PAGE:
I'm converting my Trek 520 to a single speed and want to replace the current triple crankset (which has an integrated bottom bracket) with a Sugino Messenger crankset and accompanying square taper bottom bracket. My question is how do I determine which spindle length I should be using? The BB on my Trek 520 looks to be wider than other road bikes I have seen. Prior to swapping to a different triple crankset, I used to have a BB with a 118.5 length spindle I believe -- but this would only be appropriate for a triple crank, correct? If anyone can help with how to measure/determine what spindle length I need for a square taper bottom bracket that would be used for a single speed on my Trek 520 it would be great. Or conversely if you just happen to know the length that would be great too!

    Thanks in advance.

    Jeff

  2. #2
    coprolite fietsbob's Avatar

    measure how far apart they are with one BB on it , and see how much width the chainstays
    are where the crank arm passes by..

    and in this situation, you will need a lot of pictures of each step in the process for remote help here ..

    Internet sellers wont be any help , they will ship you parts, But, you need a local bike shop ..

  3. #3
    Senior Member Chombi's Avatar

    Chombi


    Edit: quick Yahoo search came up with 103mm JIS all around, that is if you are using a 42mm chainline.
    Are you using a proper 42mm hub/wheel in the rear?
    Senior Member Retro Grouch's Avatar

    1. Trial fit your selected crankset with any bottom bracket that you happen to have on hand.
    2. Install your rear wheel with the cog in place.
    3. Now you can align a straight edge against your chainring and easily measure how far in or out your crank needs to go for perfect alignment.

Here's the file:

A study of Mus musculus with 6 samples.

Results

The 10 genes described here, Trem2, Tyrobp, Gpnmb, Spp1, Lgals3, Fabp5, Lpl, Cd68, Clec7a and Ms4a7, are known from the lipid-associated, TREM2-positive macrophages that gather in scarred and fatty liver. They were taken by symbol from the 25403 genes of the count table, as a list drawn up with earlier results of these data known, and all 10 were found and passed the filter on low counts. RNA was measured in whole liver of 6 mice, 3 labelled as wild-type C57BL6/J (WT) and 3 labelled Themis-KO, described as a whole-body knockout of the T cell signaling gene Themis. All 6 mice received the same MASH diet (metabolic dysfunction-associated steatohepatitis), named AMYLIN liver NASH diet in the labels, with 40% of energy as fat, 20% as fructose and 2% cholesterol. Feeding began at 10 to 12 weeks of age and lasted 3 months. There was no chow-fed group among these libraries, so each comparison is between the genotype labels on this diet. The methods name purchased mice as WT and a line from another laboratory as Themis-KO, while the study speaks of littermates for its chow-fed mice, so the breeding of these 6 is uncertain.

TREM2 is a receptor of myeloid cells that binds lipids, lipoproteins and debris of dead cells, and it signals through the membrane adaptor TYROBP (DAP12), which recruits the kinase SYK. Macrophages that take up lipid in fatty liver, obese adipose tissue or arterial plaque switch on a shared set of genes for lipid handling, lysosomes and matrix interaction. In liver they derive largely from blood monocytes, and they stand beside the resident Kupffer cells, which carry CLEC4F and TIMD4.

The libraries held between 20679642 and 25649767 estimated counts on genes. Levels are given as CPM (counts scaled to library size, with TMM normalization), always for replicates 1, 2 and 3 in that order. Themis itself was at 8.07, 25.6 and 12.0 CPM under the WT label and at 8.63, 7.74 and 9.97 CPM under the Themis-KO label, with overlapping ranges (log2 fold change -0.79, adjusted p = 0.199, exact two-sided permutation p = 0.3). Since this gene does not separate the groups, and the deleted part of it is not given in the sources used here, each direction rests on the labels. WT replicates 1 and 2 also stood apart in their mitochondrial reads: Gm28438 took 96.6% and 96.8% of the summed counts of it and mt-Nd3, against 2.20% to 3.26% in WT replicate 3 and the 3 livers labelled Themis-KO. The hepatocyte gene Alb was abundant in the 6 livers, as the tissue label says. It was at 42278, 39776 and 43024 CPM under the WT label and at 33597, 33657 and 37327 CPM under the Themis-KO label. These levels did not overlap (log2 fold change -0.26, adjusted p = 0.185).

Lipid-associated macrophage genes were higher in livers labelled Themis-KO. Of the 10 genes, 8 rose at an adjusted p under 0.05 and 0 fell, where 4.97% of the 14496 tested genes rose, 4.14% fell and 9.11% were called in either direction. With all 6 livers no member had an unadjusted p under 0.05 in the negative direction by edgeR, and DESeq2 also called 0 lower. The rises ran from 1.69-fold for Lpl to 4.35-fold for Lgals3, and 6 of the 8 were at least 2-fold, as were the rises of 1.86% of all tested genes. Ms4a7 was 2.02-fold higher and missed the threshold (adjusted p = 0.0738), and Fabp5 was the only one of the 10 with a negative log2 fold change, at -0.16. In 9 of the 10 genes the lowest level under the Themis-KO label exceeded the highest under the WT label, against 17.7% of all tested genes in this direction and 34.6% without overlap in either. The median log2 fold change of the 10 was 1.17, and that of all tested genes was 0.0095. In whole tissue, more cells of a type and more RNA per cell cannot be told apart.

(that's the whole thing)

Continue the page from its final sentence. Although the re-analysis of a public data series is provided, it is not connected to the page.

The Sugino Messenger should have a recommended BB info with it.

    Edit: quick Yahoo search came up with 103mm JIS all around, that is if you are using a 42mm chainline.
    Are you using a proper 42mm hub/wheel in the rear?
    I've seen search results with that also. More digging showed it as a 45mm chainline with a 103mm BB. Ben's Cycle sells the Messenger crank with a notice highlighted in RED about it. Maybe there had been some misinformation somewhere.

    My question is how do I determine which spindle length I should be using?
    I am not a bike mech, but as I understand it, basically you would need to know the chainline for your crankset and also for the rear cog. If for example the rear cog is 45mm and the front crank is 42mm then you need to move the crank out 3mm. With a symmetrical spindle you need to increase its length 6mm. If the crank's 42mm was achieved with a 103 then you'd need a 109. Shimano UN54 are available in 110mm. That'd put the example off by 0.5mm. If the crank chainline is greater than the cog's then you need to move it in. This was a problem with a thread on another forum I read about the RD2 crank, someone had a 42mm cog and the RD2 was 45mm with a 103mm BB. Maybe there are some spacers that can be put in the back to move the cog out.

    As I understand it the Sugino XD cranks do have a 42mm chainline with a 103mm BB. I think they are cheaper too. They are 110BCD.